Is This The First Monster Synth Controller, Ever?

Type “monster synth” into Google and what do you get?

“Monster Synth” Defined

monster synth is a large synthesizer that could potentially kill you, if it fell over on you. Monster synths also are named, ie., Tonto or The Synth of Doom.

We never thought that a MIDI controller playing a soft synth could challenge that definition.

But Mario Jurisch’s Synth-Project Alphatron/Pure-MCone Controller may just be the first monster synth MIDI controller ever.

If it fell over, it could probably kill you. At least if you’re on the small side.

And the combination of 176 knobs, 45 switches, H.G.Fortunes’ and TubeOhms’ software synths offers the immediacy of classic hardware and the power of modern software.

Thank you, Mario Jurisch, for showing us the monster synth potential of the MIDI controller/soft synth combination. And thank you Ramona, for your patience.

Check this demo video out and let us know if you think that it’s time to update our definition of monster synths……

11 thoughts on “Is This The First Monster Synth Controller, Ever?

  1. This is very cool, and I actually thought the music demo was, too.

    I can’t see spending a couple of thousand bucks on a midi controller, though. And you know this would be in that price range.

    What are you going to do when the software gets updated?

    Cool but impractical.

    1. Agreed, I mean Midi controlers are notoriously inexpensive (for the most part) because they dont produce their own sound. So when you're spending a couple Gs on one instead of the usual $200-$250 that says something haha. Although she is gorgeous and if I have the extra cash Id have to have it.

      1. There are a lot of midi controlling gear that is well beyond 200-250, that only gets you the most basic controllers.
        And you would have to buy quite a few of those to get as many real time controls as on this one.
        So stating those prices are not fair at all.

        However you could argue that this is limited by its design to function best with only certain instruments, and that might prove the price a bit steap.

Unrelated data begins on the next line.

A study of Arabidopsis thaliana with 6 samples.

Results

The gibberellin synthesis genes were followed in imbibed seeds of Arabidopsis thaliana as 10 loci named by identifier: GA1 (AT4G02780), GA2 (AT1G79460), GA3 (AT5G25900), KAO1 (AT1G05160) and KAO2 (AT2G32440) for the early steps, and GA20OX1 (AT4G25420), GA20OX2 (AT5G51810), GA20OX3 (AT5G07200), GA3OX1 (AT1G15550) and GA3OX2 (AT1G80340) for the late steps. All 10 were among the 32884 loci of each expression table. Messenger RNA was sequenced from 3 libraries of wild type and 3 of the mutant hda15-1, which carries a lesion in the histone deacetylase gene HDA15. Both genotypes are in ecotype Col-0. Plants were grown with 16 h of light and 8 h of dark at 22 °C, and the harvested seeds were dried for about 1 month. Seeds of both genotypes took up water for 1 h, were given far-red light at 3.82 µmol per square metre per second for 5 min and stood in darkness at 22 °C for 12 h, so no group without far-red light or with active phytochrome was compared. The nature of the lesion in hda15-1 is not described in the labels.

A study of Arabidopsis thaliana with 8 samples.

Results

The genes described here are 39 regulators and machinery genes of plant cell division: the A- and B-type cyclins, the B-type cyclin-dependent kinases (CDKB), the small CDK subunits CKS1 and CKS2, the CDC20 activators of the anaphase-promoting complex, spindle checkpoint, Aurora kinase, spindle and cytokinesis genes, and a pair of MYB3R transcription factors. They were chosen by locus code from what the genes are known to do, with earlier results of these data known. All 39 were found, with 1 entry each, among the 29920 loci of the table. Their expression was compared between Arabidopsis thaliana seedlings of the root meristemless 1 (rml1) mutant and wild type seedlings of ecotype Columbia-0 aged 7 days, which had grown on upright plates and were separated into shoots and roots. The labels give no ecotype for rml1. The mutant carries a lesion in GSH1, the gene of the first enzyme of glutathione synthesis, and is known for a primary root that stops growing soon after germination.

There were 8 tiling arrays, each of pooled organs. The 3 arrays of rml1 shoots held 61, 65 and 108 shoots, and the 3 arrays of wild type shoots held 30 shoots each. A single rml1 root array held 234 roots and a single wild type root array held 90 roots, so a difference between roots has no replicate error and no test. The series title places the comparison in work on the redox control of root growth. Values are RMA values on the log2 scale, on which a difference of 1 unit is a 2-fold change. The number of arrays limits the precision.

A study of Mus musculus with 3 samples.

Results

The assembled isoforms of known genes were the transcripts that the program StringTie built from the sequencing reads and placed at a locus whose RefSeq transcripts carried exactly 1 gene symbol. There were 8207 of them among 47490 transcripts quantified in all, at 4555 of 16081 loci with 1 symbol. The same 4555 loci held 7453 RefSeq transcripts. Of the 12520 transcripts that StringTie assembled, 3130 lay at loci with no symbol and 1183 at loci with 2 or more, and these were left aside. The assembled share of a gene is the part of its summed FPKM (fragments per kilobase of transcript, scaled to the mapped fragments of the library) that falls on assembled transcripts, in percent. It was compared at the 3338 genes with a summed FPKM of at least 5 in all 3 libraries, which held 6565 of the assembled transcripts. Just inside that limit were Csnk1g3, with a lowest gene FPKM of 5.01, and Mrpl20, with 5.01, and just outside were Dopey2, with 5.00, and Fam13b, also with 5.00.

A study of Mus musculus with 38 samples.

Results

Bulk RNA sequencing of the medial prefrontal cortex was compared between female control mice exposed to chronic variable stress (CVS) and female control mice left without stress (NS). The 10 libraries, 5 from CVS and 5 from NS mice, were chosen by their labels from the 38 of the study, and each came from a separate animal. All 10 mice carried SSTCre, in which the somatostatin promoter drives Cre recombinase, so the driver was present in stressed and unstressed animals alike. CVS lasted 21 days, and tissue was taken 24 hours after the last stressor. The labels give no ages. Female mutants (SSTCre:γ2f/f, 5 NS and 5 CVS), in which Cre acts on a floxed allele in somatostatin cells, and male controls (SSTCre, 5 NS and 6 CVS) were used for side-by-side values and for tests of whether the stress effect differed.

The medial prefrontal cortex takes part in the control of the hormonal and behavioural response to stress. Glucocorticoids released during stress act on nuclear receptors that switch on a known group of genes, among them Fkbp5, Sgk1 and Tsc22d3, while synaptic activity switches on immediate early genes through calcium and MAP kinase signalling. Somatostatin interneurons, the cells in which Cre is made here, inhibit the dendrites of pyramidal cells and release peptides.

1. How do you figure?
      The touchscreen has very little physical feedback, none to be honest.
      And with iPad you are in the hands of Apple, when your units breaks, you might no longer be able to exchange it for a unit that can run the same software… and the software could by that time even been removed from app-store, so even if you got yourselsf a compatible iPad, you would still be without the software.

      iPad can be used as controllers, for sure, and the visible feedback can make programming easier, but it lacks physical controls. You can add controllers to it, and control the software that way, but if you also want the unit to send midi from the software that you control with hardware to another unit, things might be a bit tricky.
      And after all by that time the iPad would be little more than a screen, with the risk of updates breaking the compatibility.

    1. Did you listen to the video?
      One could claim that there is little need for analog gear when digital sound this good.
      Sure, there is a certain charm to analog gear that can never be fully emulated, but you can capture most of the chareteristics. And after all, if technology would have been perftect when those analog synths were created, they would have sounded very “digital”, its the coloring of the imperfection of the components that makes that analog sound, not the theoretics behind it all.

      And there are a lot of digital synths that have a charm on their own, based on technology that can never be made using analog components.
      Or for that matter, a digital subtractive synth can have how many modulations as you could dream up, and still be manageble and fit in one room, compared to the analog module system that would ever even get half the way there.